Making health plans available and affordable to people who buy their own policies was a key goal for backers of the federal law known as Obamacare.

But if the Supreme Court strikes down the insurance subsidies of millions of Americans who rely on the federal marketplace, it could leave many worse off than they were before the law took effect.

"The doomsday scenario could materialize, and it does impact everyone," said lawyer Christopher Condeluci, who worked for Iowa Republican Charles Grassley on the Senate Finance Committee staff during the law's drafting. Those affected would include individuals receiving subsidies and those paying the full cost of their plans in states such as Pennsylvania and New Jersey that use the federal exchange.

Millions of consumers would likely be unable to afford their policies without subsidies.

Most insurers could not drop plans without giving one to three months' notice. But the companies remaining in the market would likely seek sharp premium increases for the next year, anticipating that more of the sickest consumers would hold onto their plans.

An analysis by the RAND Corp. projects that 70 percent of consumers would cancel their policies. The premium increases, in turn, could drive more people to drop coverage, spurring further price increases and potentially leading to what experts call "a market death spiral."

"It's not the subsidy market that will fall apart, it's the whole market" for everyone who doesn't get job-based insurance coverage, said Robert Laszewski, an insurance industry consultant who is no fan of the health law. "There will be millions of Republicans who are not subsidy-eligible who are also going to get screwed."

At issue in King v. Burwell - slated to be argued before the Supreme Court on Wednesday - are the subsidies that go to millions of low- and moderate-income Americans in 37 states that rely on the federal healthcare.gov website. More than 85 percent of the 8.6 million people who bought plans in those states qualified for subsidies, officials say.

The law's challengers point to four words in the Affordable Care Act that say subsidies shall be distributed through marketplaces "established by the state." They argue that that wording bars the government from subsidizing insurance bought through a federal exchange. Supporters of the law argue that Congress intended the subsidies to be available through both federally run and state-run markets, which they say is clear in reading the overall bill.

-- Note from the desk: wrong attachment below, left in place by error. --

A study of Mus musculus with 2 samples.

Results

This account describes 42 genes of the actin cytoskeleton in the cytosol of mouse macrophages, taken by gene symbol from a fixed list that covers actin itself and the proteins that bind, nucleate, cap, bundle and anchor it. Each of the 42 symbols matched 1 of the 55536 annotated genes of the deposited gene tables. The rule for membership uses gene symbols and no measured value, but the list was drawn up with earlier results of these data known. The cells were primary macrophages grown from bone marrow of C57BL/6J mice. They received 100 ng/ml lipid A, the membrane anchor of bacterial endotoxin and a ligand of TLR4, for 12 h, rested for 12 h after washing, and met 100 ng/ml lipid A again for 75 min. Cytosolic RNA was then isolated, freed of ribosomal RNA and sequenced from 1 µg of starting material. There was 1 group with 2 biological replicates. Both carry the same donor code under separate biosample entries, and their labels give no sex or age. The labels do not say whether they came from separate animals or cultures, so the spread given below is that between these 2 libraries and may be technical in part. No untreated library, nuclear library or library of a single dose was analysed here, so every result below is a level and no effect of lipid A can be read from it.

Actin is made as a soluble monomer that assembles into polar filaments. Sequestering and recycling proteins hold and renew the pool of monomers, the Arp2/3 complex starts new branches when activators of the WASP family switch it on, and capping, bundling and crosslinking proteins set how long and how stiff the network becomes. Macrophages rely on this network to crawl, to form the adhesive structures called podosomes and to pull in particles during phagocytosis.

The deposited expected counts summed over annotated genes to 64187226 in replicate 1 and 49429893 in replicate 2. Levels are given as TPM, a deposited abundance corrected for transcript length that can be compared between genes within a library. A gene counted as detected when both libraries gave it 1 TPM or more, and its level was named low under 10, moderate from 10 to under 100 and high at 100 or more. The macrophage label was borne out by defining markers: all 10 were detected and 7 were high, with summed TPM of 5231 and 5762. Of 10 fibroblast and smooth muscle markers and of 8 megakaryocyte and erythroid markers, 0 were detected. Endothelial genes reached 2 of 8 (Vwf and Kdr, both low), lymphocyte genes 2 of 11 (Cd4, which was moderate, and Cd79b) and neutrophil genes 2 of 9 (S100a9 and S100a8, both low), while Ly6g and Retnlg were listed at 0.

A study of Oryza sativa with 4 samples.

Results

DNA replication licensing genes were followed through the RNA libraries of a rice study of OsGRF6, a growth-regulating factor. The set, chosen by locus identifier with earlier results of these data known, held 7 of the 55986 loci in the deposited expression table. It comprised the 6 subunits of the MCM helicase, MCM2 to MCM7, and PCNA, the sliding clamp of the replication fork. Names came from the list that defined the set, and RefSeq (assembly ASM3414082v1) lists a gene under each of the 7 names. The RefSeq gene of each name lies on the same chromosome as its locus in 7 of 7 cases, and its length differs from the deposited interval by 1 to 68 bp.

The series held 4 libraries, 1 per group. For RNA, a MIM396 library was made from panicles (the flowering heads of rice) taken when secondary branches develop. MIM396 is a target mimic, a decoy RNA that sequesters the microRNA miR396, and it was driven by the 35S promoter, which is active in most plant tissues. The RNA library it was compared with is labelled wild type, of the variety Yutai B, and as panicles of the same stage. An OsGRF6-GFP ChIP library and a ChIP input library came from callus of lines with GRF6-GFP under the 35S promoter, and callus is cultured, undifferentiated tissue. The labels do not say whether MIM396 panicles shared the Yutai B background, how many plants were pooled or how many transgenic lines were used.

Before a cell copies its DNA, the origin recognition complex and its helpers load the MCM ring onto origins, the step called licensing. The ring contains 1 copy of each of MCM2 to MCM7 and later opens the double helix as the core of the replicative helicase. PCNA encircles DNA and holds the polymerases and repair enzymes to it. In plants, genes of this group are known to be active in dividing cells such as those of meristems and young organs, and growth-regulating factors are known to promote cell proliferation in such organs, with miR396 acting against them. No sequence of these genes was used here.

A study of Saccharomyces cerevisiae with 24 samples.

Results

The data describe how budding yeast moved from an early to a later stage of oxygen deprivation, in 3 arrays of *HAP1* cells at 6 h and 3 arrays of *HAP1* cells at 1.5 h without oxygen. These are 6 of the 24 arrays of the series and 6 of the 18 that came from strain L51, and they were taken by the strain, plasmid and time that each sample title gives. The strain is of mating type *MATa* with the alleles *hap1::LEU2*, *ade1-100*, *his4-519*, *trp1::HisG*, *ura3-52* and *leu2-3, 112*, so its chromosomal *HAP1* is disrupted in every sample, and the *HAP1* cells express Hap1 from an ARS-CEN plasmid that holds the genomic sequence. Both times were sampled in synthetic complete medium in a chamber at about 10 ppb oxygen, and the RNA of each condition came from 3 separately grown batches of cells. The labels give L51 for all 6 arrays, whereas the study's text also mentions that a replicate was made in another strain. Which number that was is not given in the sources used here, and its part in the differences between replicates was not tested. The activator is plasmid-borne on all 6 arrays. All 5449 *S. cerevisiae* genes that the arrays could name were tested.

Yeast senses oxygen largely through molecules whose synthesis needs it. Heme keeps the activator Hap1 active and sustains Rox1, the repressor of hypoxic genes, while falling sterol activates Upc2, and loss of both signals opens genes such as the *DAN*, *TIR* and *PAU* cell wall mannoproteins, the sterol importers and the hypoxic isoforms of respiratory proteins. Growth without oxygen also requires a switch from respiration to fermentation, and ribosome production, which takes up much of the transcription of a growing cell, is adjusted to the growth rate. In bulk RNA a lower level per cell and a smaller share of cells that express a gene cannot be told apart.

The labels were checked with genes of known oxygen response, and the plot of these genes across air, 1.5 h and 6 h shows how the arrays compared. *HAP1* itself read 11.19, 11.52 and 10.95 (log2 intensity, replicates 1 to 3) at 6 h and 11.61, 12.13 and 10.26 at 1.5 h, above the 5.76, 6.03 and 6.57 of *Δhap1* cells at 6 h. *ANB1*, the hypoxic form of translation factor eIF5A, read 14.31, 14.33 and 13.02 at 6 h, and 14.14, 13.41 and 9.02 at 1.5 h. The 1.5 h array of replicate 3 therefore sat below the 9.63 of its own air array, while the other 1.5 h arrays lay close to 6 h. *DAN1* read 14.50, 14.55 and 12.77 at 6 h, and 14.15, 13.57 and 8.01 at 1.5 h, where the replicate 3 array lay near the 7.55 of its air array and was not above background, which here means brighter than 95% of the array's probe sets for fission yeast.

The ruling would have no effect on the subsidies given to residents through the 13 state-run markets, such as the one in New York.

The Obama administration has declined to discuss contingency plans, expressing confidence that it will prevail with the justices. "Congress would not pass a law that 87 percent of folks would not get subsidies but people in say, New York, would," Health and Human Services Secretary Sylvia Mathews Burwell said Wednesday.

Experts say Congress could also apply "fixes," such as voting to allow subsidies to continue through the rest of the year. But whether a Republican-led Congress that has pledged itself to the law's repeal would agree to that is uncertain.

Aetna spokeswoman Cynthia Michener said the insurer was talking with lawmakers from both parties "about how to make a grand bargain should the Supreme Court decide against federal exchange subsidies." A decision to strike the subsidies would likely "spur bipartisan action to resolve the issue promptly," she added.

In Pennsylvania, the Wolf administration is working "to make sure that a state-based exchange is an option" no matter how the Supreme Court rules, said spokesman Jeff Sheridan.

Joel Ario, a managing director at the consultancy Manatt Health Solutions, estimated that one-third of states would set up their own markets fairly quickly. If states move at the same rate as they have to expand Medicaid, it could take several years before most states have their own markets, said Ario, a former Pennsylvania insurance commissioner.

Many insurers do not yet have contingency plans, he said, partly because the future is so unclear. "There really isn't a contingency plan for nuclear destruction," Laszewski said.

Others don't see a ruling in such dark terms.

"The Supreme Court generally doesn't go out of its way to wreck the economy or the health system," said Stuart Butler, a conservative scholar at the Brookings Institution.

Kaiser Health News is an editorially independent program of the Kaiser Family Foundation.